I take Benadryl for my allergies.
Consort takes Benadryl for his allergies.
The dog takes Benadryl for his allergies.
When it comes to Benadryl, I buy in bulk.
When I took the dog in for an exam, not long after he came home, the vet pointed out his runny eyes and the red skin between his toes. “Allergies,” he declared, and I was unsurprised; his nightly scratching, combined with his tags jingling, had been our lullaby since he arrived. The vet offered several suggestions, the cheapest and easiest of which was Benadryl, every day. Because I am fond of the cheap and the easy, I took him home and promptly popped a pink and white pill into his mouth. I massaged his throat firmly, felt him swallow, and we all went on our way. I felt smug in that “Look at me getting this accomplished” way; the dog appeared stunned, but cheered himself up by having a good long scratch.
An hour later, I found a slightly chewed pink and white pill on the ground. I picked it up, first puzzled and then challenged. Hide your pill in your cheek will you, I thought, tucking it in some peanut butter. We’ll just see about that. The offering of peanut butter was gratefully accepted; the chewy anti-histamine surprise in the middle went down without comment. I didn’t find it later, and the scratching seemed less vigorous. Success!
Twice a day, I would make him his peanut-butter delivery-device; twice a day, he would uncomplainingly take his pill. The fun of watching a dog eat peanut butter twice a day was just an added bonus. What wasn’t an added bonus was any effect on his allergies. After the first day or so, not only did it not seem to be working, he seemed to be scratching more, more actively chewing at his paws. All through the day and night, I would hear his tags jingling, an aural reminder that the problem wasn’t fixed. I mentioned to a friend who bred dogs that I was having this problem. She asked me a few questions, and when I got to the “He certainly likes his peanut butter” part, her hand flew to her mouth in dismay.
“What…?” I said in suspicion.
So, it seems that many dogs are allergic to peanuts. They can also be allergic to wheat, soy and corn, otherwise known as the Three Horsemen of Kibble. I could take him in for expensive tests or, as my friend suggested, just cut everything with peanuts, wheat soy and corn from his diet, continue the Benadryl, and see if the itching stopped. Since I already had him on a raw-meat diet, this wasn’t a huge transition, but I did have to check all of his nibbly-treats I had been using for obedience training for the dreaded fillers. A half-hour later, I had determined that only one of his treats was completely without peanuts, wheat, soy and corn. I had also noticed I wouldn’t be getting that half-hour of spare time back at the end of my life. I bought him filler-free treats, which were gaspingly expensive. Benadryl might have been an easy fix, but it certainly wasn’t a cheap fix anymore.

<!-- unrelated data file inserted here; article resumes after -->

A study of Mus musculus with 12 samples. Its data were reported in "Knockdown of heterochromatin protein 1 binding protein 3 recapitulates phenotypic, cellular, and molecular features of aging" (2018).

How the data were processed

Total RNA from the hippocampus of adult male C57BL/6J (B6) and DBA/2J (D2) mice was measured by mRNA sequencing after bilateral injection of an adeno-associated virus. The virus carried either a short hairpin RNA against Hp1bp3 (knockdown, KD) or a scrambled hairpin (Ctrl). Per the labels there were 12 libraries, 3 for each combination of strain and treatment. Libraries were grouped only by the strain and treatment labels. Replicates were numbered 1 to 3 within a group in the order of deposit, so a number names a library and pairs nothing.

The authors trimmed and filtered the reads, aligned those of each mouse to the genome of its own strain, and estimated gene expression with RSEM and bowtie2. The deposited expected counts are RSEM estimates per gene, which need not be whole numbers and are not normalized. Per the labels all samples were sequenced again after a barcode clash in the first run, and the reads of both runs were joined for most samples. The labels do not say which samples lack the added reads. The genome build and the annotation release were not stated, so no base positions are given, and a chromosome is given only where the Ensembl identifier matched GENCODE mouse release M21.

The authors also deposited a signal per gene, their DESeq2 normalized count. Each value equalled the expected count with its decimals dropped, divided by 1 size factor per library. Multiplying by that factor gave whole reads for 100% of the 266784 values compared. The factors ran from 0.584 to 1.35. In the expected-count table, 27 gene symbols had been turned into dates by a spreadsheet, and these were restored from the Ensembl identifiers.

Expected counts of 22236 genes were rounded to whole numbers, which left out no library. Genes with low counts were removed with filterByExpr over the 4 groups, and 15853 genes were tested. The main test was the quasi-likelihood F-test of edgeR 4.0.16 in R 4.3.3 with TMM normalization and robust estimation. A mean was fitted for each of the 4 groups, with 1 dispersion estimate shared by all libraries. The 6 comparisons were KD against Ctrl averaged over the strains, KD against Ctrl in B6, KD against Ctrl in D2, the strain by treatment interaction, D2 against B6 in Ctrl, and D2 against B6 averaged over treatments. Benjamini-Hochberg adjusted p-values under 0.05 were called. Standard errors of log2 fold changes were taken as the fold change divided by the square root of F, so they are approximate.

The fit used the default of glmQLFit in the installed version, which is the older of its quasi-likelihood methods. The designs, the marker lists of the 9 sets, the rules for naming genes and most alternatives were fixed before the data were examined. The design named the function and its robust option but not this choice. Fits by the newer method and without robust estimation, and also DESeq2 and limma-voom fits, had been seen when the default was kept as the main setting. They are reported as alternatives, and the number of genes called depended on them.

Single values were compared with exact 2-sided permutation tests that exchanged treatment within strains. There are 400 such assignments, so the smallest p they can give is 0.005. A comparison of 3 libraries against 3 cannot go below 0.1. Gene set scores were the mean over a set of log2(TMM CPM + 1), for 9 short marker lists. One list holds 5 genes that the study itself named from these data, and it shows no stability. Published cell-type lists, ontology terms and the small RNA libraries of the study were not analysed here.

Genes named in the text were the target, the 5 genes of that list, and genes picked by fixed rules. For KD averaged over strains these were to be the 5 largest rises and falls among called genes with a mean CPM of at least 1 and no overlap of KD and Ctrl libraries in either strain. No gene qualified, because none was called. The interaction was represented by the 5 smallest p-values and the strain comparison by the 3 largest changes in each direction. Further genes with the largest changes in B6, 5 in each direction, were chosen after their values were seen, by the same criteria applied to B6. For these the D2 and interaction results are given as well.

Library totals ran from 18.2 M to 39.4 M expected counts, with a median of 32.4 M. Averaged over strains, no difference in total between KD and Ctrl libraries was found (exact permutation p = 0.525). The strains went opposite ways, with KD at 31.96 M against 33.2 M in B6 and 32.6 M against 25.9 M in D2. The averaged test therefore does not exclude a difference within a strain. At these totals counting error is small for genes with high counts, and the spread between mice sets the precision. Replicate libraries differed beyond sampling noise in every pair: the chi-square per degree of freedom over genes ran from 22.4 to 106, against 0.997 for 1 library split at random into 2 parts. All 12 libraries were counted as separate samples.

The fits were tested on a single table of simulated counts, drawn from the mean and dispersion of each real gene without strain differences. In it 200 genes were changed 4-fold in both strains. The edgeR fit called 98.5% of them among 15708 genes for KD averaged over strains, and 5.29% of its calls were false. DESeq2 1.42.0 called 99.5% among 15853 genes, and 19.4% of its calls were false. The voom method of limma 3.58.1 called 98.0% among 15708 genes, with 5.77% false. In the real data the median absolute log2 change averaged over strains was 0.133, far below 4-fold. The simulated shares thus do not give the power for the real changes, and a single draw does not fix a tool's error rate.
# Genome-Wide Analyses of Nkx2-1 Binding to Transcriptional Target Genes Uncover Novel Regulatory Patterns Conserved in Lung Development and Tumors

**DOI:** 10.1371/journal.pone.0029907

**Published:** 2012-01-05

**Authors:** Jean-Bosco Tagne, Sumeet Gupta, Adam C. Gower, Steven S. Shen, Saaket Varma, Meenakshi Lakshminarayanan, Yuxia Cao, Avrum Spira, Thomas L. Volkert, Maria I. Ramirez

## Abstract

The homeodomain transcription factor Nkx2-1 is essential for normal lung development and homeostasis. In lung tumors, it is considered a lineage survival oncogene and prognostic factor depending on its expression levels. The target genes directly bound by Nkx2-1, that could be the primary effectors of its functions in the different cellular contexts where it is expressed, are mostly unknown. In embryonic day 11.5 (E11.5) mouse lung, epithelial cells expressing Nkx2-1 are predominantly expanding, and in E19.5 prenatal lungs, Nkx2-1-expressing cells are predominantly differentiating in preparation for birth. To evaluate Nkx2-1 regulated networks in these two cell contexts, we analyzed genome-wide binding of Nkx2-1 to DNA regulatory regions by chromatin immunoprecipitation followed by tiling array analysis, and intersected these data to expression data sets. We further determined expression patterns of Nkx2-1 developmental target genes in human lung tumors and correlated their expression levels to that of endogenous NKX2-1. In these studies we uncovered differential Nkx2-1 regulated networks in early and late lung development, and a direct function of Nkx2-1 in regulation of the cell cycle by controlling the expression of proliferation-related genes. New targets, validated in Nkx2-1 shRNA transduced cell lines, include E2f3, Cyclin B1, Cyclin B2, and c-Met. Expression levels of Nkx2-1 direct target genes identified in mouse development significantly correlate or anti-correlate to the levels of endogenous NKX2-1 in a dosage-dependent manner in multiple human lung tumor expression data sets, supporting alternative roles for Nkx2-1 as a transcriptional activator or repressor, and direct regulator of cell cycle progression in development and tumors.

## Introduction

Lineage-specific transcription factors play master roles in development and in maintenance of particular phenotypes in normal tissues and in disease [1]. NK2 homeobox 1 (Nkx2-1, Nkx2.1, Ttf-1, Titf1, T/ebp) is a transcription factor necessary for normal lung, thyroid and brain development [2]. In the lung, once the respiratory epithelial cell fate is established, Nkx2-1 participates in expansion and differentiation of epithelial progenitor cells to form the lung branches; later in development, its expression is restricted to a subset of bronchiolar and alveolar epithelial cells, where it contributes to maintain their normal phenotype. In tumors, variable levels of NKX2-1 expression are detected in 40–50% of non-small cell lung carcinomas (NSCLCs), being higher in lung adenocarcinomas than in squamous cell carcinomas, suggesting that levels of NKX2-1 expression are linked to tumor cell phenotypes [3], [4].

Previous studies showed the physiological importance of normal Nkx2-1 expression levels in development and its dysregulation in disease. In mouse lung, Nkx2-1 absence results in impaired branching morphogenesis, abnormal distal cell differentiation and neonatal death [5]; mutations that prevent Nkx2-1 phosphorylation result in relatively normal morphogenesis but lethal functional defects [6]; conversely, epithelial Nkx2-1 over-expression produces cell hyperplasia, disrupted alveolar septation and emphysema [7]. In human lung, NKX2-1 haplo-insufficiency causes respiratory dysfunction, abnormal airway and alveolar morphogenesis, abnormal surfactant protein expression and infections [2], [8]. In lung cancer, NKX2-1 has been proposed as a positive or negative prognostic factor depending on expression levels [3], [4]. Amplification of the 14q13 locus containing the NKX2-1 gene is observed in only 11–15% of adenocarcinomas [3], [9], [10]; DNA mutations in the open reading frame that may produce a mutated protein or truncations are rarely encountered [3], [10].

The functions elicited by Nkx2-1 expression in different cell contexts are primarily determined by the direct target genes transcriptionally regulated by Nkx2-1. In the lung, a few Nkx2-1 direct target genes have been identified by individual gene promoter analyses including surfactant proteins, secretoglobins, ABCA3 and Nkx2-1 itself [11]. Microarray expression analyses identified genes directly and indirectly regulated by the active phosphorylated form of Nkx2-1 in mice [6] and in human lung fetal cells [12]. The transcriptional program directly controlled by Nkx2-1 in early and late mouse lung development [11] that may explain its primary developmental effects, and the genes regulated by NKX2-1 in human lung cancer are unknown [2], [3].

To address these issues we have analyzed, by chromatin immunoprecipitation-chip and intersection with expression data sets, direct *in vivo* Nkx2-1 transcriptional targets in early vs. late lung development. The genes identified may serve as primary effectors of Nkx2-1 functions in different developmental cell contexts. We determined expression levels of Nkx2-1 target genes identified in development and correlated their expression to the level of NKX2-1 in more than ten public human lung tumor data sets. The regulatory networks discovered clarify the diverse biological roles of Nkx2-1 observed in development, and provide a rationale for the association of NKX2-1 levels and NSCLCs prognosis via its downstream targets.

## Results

We were now back to the original problem; the dog has a world-class talent for not taking pills. At first, I tried putting the pill in a bit of meat, only to find that the dog had somehow would remove all the delicious meaty bits with his tongue, leaving a virtually unmarked pill in the food bowl, mocking me. I then tried putting the pill down his throat and holding his jaw shut with one hand while massaging this throat with the other and petting his back. Yes, what I did required three hands; I was so desperate for an itch-free life that I evolved. Fat lot of good it did me or the dog. Later in the day, I’d find a moist and dented pill on the floor, being batted around by the cat. One morning, he came in to wake me up, put his paws on the bed and, next to my focusing eyes, carefully placed a Benadryl. He then sat down on the ground and scratched. I leapt from the bed, grabbing the pill, and grabbed the dog in a headlock. I wedged his mouth open as I sat down on the ground and, wedging his mouth open, crammed in the pill and commenced to throat-rubbing. Consort woke at this point and, blinking, squinted at this domestic vision.
Skipping formalities, I said “You’re going to have to feed the kid her breakfast. I’ll be here making him take a pill for at least another twenty minutes.”
One of the unexpected benefits to communicating in the morning with a night-person is that they are very accepting. All behavior displayed before 10 a.m., be it Reiki for dogs or eating breakfast, strikes them as equally bizarre. Consort stumbled out of bed and weaved toward the kitchen. The dog and I stared at one another. His eyes were gazing at me reproachfully, but at least they seemed less runny.
“Just take the pill, dude,” I said softly to him, fondling his esophagus. After a few minutes, I declared him pilled, and let him up. He trotted off quickly before I could change my mind, a dog with simple needs; to be loved, to be fed expensive food, to scratch deeply and fully, and to find a private place in which to eject the pink and white invader.